New Zealand Law Society - How to invest to effect positive change

How to invest to effect positive change

How to invest to effect positive change

An interview with Patrick Fogarty, Client Director at The Private Office

The impact that investors can have in driving an organisation’s actions and ethos on climate change has never been clearer. As well as investing money, shareholders are increasingly demanding corporate accountability from the companies they invest in, attempting to influence boards to take environmental sustainability and social issues seriously.

As regulations dictate that companies publish more and more information about the impact they’re having on the environment, it’s become easier to assess which companies to invest in, and which to avoid if you’re passionate about these issues.

One key question investors face is how to manage the trade-off between investment returns and social responsibility. For instance, how can one reduce the environmental footprint of their investment portfolio while maintaining sound investment principles like diversification?

“A growing number of people want their investments and their values to be in alignment, but at the same time they don’t want to sacrifice their financial objectives”, says Patrick Fogarty.

“In the past, the approach investment managers used to address these concerns was quite blunt, often excluding whole industries such as oil and gas completely from portfolios.

“While the first iteration of socially responsible investments helped investors to meet their values objectives, the ‘negative screening’ approach often resulted in portfolios that compromised key components of best practice portfolio design.”

Instead, fund managers now use more sophisticated weighting mechanisms to measure a company’s environmental credentials. This means that investors can maintain exposure to sectors like oil and gas, but weight the companies within that sector by their environmental credentials, measured against variables such as carbon emissions, biodiversity, toxic spills, operational waste and water management.

“This evolution has resulted in more investors adopting a socially responsible approach, creating a virtuous circle of companies responding to meet this growing demand.”

In New Zealand around 70% of professionally managed assets claim to be “socially responsible” based on ESG (Environmental, Social and Governance) factors. These are:

  • Environmental – covers a company’s carbon footprint, its use of renewable energy sources, its waste management program, how it handles potential problems of air or water pollution arising from its operations, and the company’s attitude and actions in relation to climate change issues.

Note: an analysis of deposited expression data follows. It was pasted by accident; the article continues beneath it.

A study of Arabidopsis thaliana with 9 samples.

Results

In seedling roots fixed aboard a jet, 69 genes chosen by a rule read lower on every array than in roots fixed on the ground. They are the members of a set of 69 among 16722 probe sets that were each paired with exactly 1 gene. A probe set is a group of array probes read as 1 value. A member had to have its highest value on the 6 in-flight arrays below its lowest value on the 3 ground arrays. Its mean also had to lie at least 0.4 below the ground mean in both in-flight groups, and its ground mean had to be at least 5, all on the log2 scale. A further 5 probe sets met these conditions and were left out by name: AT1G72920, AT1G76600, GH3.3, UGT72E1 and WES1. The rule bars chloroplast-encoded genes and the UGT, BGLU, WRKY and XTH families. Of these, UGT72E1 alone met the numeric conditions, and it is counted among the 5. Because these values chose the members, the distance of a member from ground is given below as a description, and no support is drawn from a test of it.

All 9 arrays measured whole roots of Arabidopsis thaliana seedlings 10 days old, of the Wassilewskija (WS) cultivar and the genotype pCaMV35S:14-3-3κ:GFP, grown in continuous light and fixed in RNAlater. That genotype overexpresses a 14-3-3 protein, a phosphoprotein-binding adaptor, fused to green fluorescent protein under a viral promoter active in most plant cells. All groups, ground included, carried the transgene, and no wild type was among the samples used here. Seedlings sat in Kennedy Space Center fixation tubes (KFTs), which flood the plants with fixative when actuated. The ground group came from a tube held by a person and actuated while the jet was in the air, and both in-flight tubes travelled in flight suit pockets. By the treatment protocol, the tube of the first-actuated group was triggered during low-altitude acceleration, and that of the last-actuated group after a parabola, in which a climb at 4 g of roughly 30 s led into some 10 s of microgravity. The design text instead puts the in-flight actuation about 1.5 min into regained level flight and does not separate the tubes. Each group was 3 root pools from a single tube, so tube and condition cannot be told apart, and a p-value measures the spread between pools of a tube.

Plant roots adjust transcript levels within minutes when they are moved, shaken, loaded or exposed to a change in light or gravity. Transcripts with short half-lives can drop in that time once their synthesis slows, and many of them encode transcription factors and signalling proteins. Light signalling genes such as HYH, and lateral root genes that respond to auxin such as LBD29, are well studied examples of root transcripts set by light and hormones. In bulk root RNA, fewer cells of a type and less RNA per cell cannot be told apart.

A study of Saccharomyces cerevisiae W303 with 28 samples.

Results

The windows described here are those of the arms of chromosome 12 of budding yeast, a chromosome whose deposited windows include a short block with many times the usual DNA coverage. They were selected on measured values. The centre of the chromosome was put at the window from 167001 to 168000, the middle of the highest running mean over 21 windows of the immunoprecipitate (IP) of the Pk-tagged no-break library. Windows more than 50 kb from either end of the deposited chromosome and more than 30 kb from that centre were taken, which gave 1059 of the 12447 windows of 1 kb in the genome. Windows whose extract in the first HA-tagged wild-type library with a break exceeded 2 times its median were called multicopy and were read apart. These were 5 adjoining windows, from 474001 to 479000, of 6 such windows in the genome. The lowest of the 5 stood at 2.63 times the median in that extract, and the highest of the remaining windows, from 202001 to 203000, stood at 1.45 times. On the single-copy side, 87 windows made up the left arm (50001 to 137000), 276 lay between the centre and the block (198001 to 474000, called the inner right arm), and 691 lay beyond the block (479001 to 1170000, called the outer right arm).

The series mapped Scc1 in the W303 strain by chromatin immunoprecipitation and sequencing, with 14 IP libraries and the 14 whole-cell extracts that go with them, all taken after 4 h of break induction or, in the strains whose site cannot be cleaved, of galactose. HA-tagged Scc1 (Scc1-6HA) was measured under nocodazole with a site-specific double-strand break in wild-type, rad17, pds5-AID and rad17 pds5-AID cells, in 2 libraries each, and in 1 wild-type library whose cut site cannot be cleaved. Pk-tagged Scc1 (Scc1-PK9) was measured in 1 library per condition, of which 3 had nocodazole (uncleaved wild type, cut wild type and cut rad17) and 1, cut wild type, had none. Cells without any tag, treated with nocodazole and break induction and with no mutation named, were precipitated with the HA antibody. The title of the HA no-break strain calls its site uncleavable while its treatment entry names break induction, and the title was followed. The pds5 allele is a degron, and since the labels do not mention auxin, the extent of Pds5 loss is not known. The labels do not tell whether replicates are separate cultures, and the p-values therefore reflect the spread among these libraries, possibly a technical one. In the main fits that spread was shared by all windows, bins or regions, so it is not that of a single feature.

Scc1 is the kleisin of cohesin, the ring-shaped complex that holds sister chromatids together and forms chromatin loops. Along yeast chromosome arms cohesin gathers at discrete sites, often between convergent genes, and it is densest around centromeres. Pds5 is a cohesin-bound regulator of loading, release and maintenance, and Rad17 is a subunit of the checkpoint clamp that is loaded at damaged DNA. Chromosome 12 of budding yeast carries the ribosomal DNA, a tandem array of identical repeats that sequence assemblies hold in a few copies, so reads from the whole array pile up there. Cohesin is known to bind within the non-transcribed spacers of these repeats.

• Social – covers the nature of a company’s business activities. Are they for example involved in the production of tobacco, cluster munitions or landmines? Do they use child labour or factory farming? How do they treat their employees, suppliers, customers, and the communities where they operate?
  • Governance – deals with a company’s leadership, executive pay, audits, internal controls, and shareholder rights. Will you as an investor have the ability to use your power to vote at shareholder meetings to influence socially responsible decisions?

Putting this into practise, Patrick explains that at The Private Office they account for all of these factors when building portfolios.

“Clients who want to express their values through their investments are looking for a broad approach, one that considers all aspects of environmental and social responsibility.”

Although the investment landscape is moving in the right direction, there is a long way to go. It takes advocacy and education to move investors towards this space, and despite the large range of options “there are still a lot of strategies that aren’t fit for purpose if your objective is to do well financially while adhering to your core values.”

“Ultimately, my job as a wealth adviser is to help investors address their sustainability and social objectives while building robust investment solutions aimed at growing their savings for future consumption.

“I have spent a lot of my career helping investors to achieve this, and plan to continue doing so for as long as I’m in this industry.”

If you would like to know more about The Private Office’s approach to Socially Responsible Investing you can find more information on their website.

The Financial Markets Authority has more information on investing ethically in an article recently published on its website.